It's the 8th of June. In Bergen, Norway, about 100 young people are gathered in groups around their laptops. The excitement in the air is tangible. The stress levels are sky-high. Statements are hurled around: “A is true, B and C are false!” The annual church literature competition has started.
A team is sitting around a table, concentrating on the screen in front of them. You can hear mumbling around the table. “Which of these statements is correct concerning rest in God?” is the question. An answer shoots through the air. It comes from 16 year old Emil.
“We’re doing well in the competition,” he tells me, “but maybe I could have read even more.”
To prepare for the competition, Emil has read Elias Aslaksen’s book “I Am Crucified with Christ”, which is the theme for this year’s church literature competition.
“But I really read for my own sake,” says Emil, “so that I know the material myself and can use it in my own life. I haven’t just crammed.”
The other team members wave me away now, because they don’t have time. Each team loses a point for every minute used to complete the competition. But I think about Emil’s answer. He didn’t just want to learn the contents of the book for the sake of the competition, but because of the contents themselves. What makes the contents more interesting than the competition? And what’s actually the purpose of this event?
Reading to understand
I have a chat with one of the leaders of the youth group in Bergen. William Bernhardsen tells me that the competition is primarily so that the youth can obtain knowledge of the church literature.
“These books contain mysteries that we can get a much deeper understanding and insight in when we read them. We experience that what we read also works in practice,” says William. He explains that you can come into situations where you don’t know which choice you should make. “When I read, I get a greater understanding about what to do in situations like that— it’s like an eye-opener when it dawns on me.”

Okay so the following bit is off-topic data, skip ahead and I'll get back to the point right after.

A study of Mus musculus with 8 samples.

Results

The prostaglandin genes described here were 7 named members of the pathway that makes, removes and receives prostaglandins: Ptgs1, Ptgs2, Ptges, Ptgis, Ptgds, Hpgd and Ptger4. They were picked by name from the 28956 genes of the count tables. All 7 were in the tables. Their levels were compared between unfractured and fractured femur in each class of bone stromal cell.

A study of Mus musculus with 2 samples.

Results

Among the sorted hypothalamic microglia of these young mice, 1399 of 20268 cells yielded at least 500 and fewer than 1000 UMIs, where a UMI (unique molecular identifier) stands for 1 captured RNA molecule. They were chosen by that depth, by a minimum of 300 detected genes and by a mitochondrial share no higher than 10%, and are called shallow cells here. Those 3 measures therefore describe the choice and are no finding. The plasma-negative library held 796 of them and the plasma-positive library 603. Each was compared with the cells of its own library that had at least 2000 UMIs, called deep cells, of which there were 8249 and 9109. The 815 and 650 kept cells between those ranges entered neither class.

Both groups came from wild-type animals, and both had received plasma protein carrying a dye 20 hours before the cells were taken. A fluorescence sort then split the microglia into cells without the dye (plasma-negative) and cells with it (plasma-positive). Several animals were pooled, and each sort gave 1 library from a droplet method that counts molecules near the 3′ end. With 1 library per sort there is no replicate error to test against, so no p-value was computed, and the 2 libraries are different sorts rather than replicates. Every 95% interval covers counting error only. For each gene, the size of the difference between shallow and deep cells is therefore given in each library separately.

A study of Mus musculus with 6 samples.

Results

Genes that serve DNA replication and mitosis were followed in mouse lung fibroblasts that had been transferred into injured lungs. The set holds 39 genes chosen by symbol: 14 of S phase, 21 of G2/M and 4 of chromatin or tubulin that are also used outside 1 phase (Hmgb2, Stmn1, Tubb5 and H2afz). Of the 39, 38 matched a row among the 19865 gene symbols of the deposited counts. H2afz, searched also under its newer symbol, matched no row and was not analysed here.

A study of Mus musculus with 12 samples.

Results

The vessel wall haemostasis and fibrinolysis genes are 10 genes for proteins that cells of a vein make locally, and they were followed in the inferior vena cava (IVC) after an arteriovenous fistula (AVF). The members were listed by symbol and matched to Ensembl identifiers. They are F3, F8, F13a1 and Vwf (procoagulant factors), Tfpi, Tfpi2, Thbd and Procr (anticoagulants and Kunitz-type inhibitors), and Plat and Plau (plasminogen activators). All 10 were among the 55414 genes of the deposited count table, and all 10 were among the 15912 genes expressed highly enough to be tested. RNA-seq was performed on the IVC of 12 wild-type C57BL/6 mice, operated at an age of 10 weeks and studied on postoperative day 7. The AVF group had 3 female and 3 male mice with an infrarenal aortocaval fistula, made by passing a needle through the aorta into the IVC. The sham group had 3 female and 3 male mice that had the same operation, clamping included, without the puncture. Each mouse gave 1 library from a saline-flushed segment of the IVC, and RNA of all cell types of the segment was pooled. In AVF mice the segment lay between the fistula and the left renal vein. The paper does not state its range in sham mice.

So the purpose of the competition is that the youth get a deeper understanding of the gospel, helped by books written by people who have been in the same circumstances, but who have had faith to live according to God’s word, and whom we have seen have been transformed and become happy by it. What these people have written contains much life wisdom, and this can be of great help and use to us if we want to go the same way.
Help in daily life
Another one of the young people who is well-prepared for the competition is 25 year old Silvia Nilsen. She has read the book several times, and agrees with William. She tells me that she often thinks about what she has read when she’s in difficult situations, and that this helps her make the right choices.
“So reading these books for the competitions has helped me a lot in my daily life.”
The book this year’s competition is based on is about Jesus’ crucifixion, but also about how we can live a crucified life together with Him.
I ask Silvia what made most impression on her when she was reading the book. She considers her answer carefully—it’s clear that many things have left their mark.
“What made the most impression was to read about Jesus who made it possible for us to overcome the sin that dwells in us people, like our self-will and egotism. He did this, and I can do the same by taking up my cross daily.” (Matt. 16:24)
Silvia also tells me that it’s more important to understand the contents of the book than it is to win.
“Of course it’s fun to win, but the book can also help me in my battle against my own egotism.”
The competition is soon over, and the teams can relax. The results won’t be known until Saturday. The youth group returns home with several months of reading behind them, but the value they have gained from the reading will be with them for a long time and hopefully be a help for them in the Christian life. The competition has given the participants the opportunity to obtain a greater personal development, and a greater faith and hope to become true followers of Jesus Christ.